Kevin Clash and the Problem with Pedestals.

We are not fit for pedestals. Neither are the things we invent worthy of our worship. This is easier explained out than understood. We are a beguiling species, made of souls and of minds that produce ideas and products over which it is difficult not to marvel. And yet, we are daily reminded that those souls and those minds with their concepts and objects are finite, are fleeting, are rarely fixed and without need of revision.

Even so, when a man emerges who is capable of fashioning something so beloved and indispensable we cannot imagine our lives without it, there is no tempering our awe or gratitude. He will ever exist, for us, in a beholden space. We feel that we owe him for easing our way, for solving our conundrums, for simplifying our complexities. But we are not ourselves inventors. We cannot barter genius for genius. Instead we trade innovation for adulation.

And this is where it is impossible not to stumble.

I was reminded of this yesterday, as an unsettling story leaked about the creator of one of our country’s most beloved children’s properties.

Some news rushes and recedes like water, affecting for only a few moments, making you flush before gathering quick composure. But then there are the stories that won’t let you go. They are no more heinous than others you’ve heard; in fact, they may be mild by comparison. But they hit you in a spot newly vulnerable, at a time that will not allow you to ignore them.

This was such news.

As a parent whose daughter is still too young to qualify her adoration or to understand that the magic of furry red monsters is merely the sleight of a mortal’s hand, this story saddened me far more than I could’ve imagined. It is a sadness that becomes more familiar with age, as my years of hindsight gradually fill with men who’ve been knocked from high thrones. The highest, longest, most unexpected falls are the most unnerving, but they all begin with that initial shock. The he couldn’t have done this. The this couldn’t be. The don’t judge and wait for all the facts. And, perhaps most disingenuously of all, the denials of any wrongdoing.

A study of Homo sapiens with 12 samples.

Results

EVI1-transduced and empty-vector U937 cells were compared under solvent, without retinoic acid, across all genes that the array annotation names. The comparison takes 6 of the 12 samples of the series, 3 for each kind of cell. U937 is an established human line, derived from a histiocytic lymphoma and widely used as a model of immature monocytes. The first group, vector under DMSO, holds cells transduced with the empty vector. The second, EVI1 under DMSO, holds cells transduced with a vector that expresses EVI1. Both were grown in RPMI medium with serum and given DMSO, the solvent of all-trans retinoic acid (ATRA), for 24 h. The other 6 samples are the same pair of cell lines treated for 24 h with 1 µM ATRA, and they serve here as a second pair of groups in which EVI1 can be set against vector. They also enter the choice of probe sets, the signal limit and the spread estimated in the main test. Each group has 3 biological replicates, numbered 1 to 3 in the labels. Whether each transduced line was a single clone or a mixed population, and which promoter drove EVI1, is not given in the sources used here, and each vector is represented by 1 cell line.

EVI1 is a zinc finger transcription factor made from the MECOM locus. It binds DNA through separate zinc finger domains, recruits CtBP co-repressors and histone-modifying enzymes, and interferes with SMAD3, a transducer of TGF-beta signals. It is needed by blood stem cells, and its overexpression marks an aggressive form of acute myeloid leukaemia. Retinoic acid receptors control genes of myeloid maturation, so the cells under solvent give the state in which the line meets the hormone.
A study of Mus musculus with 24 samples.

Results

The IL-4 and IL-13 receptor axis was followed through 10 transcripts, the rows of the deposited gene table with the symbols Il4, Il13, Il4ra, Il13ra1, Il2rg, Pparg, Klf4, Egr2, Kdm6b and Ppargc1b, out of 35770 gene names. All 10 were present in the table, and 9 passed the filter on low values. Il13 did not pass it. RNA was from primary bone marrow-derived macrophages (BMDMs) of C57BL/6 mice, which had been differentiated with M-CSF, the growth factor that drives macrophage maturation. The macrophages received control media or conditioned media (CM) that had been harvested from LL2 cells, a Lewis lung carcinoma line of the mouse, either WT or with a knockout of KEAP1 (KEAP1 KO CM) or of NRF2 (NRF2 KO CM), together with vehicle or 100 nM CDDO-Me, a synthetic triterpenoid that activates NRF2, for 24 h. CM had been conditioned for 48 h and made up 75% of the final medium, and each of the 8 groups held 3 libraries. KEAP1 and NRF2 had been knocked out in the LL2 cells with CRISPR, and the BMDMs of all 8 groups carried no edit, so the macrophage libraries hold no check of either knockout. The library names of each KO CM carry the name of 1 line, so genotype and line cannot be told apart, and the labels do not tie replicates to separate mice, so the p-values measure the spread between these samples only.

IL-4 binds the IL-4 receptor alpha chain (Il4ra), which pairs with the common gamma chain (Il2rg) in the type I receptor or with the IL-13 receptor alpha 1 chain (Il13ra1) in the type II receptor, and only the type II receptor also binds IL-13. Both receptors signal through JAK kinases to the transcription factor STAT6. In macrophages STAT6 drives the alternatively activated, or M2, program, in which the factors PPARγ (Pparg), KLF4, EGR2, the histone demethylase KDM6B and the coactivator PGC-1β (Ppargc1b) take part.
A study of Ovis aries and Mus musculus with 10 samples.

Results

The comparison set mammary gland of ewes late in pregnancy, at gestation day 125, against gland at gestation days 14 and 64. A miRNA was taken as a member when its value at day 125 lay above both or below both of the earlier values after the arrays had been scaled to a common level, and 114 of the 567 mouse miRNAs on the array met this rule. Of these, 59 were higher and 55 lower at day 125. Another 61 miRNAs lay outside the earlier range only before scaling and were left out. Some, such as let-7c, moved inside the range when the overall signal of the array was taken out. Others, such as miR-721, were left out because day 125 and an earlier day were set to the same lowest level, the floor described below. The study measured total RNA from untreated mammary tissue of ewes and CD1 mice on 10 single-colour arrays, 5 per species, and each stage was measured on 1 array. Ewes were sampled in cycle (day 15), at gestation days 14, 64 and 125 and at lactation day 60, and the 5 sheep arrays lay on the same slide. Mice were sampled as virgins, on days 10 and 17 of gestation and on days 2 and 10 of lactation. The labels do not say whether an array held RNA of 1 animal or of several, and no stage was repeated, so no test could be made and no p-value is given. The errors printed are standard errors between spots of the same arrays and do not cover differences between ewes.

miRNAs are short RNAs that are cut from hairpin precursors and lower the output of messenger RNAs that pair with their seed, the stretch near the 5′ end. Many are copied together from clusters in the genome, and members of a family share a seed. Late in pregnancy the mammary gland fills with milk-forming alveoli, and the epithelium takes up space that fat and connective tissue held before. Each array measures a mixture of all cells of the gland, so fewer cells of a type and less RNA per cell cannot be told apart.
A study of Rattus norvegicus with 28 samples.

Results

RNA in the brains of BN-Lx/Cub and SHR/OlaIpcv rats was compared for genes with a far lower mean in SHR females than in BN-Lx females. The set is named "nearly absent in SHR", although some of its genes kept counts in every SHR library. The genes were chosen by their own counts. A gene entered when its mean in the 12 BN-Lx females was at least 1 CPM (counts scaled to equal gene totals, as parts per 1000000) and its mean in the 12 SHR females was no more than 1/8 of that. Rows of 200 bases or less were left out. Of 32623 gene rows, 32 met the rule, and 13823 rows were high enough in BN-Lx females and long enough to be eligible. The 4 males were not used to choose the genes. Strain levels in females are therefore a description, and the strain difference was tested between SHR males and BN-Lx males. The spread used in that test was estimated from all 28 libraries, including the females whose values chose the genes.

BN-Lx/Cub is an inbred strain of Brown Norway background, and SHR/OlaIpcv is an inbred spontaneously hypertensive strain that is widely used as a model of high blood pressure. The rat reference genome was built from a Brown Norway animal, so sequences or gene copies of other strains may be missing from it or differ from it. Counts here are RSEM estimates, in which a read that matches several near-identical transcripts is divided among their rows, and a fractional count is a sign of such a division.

This is the insulation that being iconic earns you.

For our sons and daughters, for now and for as long as possible, this news needn’t mean anything at all. For us, the adults and the parents, over time, it may come to mean very little. The property will prevail, future generations of children will benefit, oblivious, and the mortal’s once unblemished reputation will remain besmirched at best or obliterated at worst. We do not know which legal lines, if any, have been crossed*. But certainly a line of judgment has been blurred, and because of the position of the man who must tow it, a large price will be paid.

To varying degrees, we will all be excised.

Man is, of course, much more than the poorest of his choices. But in order to recognize this, he must fall, and we must begin to feel discomfited by our willingness to worship him. Then only we will be prepared to accept the truth of who he is.

* Update: We do now.

3 thoughts on “Kevin Clash and the Problem with Pedestals.

  1. This is lovely. And I think it’s interesting that this case came up around the same time as Petraeus’ stuff. Speaking of putting folks on pedestals. Men in power know all about that.